Slide 4.Brain abscess, Cerebrum

A. Brief Descriptions

  1. Types:

    • Emboli cerebral abscess from infected foci in body 40%.

    • Direct extension of cerebral abscess from adjacent infected foci.

    • Relate to cerebral trauma, 30%.

    • Idiopathic abscess, 20%.

  2. Stages :

B. Gross Findings

  1. Discrete lesions with central liquefactive necrosis, surrounding by fibrous, collagenized response and edema.

C. Micro Findings

  1. Necrotic, purulent center.

  2. Capsule of granulomatous tissue & fibrosis (capillaries proliferation, infiltration, Gitter cells...).

  3. Surrounding reactive brain with edema & gliosis.

D. Others:

  1. Cerebritis: focal inflammation of brain parenchyma.

  2. Myelitis: focal inflammation of spinal cord.

  3. Focal pyogenic cerebritis.

  4. Emboli suppurative encephalitis.

E. Reference

  1. Robbins Pathologic Basis of Disease, 6th ed.  P.349-352.



Fig. 4-1 (LP)The normal architecture of cerebrum is destructed.





Fig. 4-2 (LP)The necrotic area is in the left, the normal cerebral cortex in the right, and a thick fibrous band lined between them.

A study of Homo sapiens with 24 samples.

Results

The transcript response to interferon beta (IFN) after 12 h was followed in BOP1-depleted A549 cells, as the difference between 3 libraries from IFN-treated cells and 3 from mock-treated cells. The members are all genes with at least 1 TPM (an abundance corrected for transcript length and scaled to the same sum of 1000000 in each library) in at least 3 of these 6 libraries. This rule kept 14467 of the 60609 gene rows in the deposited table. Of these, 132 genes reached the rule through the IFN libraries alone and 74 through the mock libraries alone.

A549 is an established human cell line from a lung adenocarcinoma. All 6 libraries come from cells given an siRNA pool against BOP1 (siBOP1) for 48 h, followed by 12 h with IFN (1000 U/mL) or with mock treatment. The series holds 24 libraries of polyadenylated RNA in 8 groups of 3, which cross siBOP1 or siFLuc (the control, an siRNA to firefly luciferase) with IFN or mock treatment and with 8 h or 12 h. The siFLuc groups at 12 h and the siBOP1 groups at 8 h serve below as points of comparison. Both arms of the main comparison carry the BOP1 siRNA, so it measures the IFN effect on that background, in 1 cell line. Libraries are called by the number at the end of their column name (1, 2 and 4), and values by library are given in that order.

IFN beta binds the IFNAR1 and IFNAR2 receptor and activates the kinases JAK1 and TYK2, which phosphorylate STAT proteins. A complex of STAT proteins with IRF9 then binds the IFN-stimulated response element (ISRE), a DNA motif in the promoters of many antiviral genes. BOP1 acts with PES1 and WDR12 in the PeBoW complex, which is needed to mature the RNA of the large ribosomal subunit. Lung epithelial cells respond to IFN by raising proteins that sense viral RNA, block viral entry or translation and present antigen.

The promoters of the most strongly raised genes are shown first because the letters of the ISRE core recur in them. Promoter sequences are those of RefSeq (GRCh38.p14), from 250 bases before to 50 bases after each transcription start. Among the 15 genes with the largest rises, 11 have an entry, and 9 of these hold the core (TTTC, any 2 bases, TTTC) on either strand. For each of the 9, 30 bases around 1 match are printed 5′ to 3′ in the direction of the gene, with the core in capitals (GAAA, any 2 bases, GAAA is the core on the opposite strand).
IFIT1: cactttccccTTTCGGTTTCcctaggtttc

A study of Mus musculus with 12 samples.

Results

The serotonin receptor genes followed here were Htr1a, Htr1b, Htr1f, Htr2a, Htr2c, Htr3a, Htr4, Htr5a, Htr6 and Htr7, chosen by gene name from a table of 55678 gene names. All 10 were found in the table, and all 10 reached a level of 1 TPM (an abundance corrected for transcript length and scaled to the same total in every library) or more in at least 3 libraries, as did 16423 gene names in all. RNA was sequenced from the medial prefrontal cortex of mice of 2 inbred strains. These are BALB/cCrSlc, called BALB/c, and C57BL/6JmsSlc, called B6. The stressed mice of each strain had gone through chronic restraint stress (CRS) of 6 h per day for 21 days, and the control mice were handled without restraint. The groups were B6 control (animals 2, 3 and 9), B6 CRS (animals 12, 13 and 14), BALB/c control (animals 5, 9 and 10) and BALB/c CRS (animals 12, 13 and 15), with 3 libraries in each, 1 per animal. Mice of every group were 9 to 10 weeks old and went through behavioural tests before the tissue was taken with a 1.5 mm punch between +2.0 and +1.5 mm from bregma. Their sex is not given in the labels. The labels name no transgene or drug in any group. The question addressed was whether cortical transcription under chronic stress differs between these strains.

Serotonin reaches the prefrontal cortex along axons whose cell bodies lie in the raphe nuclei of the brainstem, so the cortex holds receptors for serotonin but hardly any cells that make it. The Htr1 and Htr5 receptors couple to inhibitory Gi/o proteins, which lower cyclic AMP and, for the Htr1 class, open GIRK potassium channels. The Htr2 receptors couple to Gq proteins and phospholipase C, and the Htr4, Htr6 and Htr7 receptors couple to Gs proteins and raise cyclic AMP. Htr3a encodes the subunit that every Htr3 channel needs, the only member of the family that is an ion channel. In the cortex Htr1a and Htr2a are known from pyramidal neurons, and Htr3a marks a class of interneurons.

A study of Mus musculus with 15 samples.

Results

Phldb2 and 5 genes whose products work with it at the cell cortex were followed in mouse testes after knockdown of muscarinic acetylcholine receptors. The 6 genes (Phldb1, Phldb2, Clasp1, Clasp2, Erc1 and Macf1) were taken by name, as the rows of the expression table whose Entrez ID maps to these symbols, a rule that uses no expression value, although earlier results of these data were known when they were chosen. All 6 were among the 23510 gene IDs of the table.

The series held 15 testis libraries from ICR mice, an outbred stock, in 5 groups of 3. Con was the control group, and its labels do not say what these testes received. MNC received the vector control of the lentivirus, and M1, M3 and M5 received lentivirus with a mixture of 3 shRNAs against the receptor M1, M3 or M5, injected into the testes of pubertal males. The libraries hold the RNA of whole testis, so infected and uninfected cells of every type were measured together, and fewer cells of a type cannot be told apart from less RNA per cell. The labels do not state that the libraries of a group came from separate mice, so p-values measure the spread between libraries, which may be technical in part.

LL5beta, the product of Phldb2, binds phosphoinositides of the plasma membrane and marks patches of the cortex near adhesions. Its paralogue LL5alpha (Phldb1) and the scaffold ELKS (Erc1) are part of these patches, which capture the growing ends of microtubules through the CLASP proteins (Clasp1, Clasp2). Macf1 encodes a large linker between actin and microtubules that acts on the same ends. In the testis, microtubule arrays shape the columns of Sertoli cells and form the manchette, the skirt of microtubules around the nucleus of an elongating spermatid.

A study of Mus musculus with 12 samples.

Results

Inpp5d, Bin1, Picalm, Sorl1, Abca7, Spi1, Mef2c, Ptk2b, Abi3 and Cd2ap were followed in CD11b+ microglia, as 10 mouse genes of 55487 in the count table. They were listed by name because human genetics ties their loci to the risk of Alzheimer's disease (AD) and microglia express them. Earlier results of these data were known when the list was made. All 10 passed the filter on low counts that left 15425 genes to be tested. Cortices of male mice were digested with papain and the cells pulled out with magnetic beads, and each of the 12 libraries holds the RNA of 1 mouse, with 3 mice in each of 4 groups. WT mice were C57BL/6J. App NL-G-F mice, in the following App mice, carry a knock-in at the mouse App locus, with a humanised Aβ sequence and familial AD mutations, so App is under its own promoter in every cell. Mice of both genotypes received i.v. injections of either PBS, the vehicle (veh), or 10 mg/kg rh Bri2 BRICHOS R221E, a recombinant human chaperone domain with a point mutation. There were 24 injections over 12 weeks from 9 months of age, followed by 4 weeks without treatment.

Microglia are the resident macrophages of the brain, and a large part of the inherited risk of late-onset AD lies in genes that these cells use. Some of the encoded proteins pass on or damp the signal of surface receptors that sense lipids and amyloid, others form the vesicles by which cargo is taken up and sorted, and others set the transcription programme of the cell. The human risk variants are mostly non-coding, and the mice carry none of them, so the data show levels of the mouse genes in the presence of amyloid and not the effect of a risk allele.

Fig. 4-3 (LP)The normal cerebral cortex (left) and the fibrous capsule (right) surrounding the necrotic area (not shown here). Note the rather dense and parallel fibrous bundles of the capsule.




Fig. 4-4 (LP)The fibrous capsule. Note the more outside of the capsule (left side in this picture), the more thickening of the fibrous bundles.




Fig. 4-5 (LP)The necrotic center (right) is surrounded by granulation tissue (left). Note foamy histiocytes (Gitter cells) aggregate in the outermost of the necrotic area.




Fig. 4-6 (HP)The necrotic area is composed of cell debris, nuclear dusts, inflammatory cells (most frequently PMNs) and Gitter cells (foamy histiocytes in the CNS).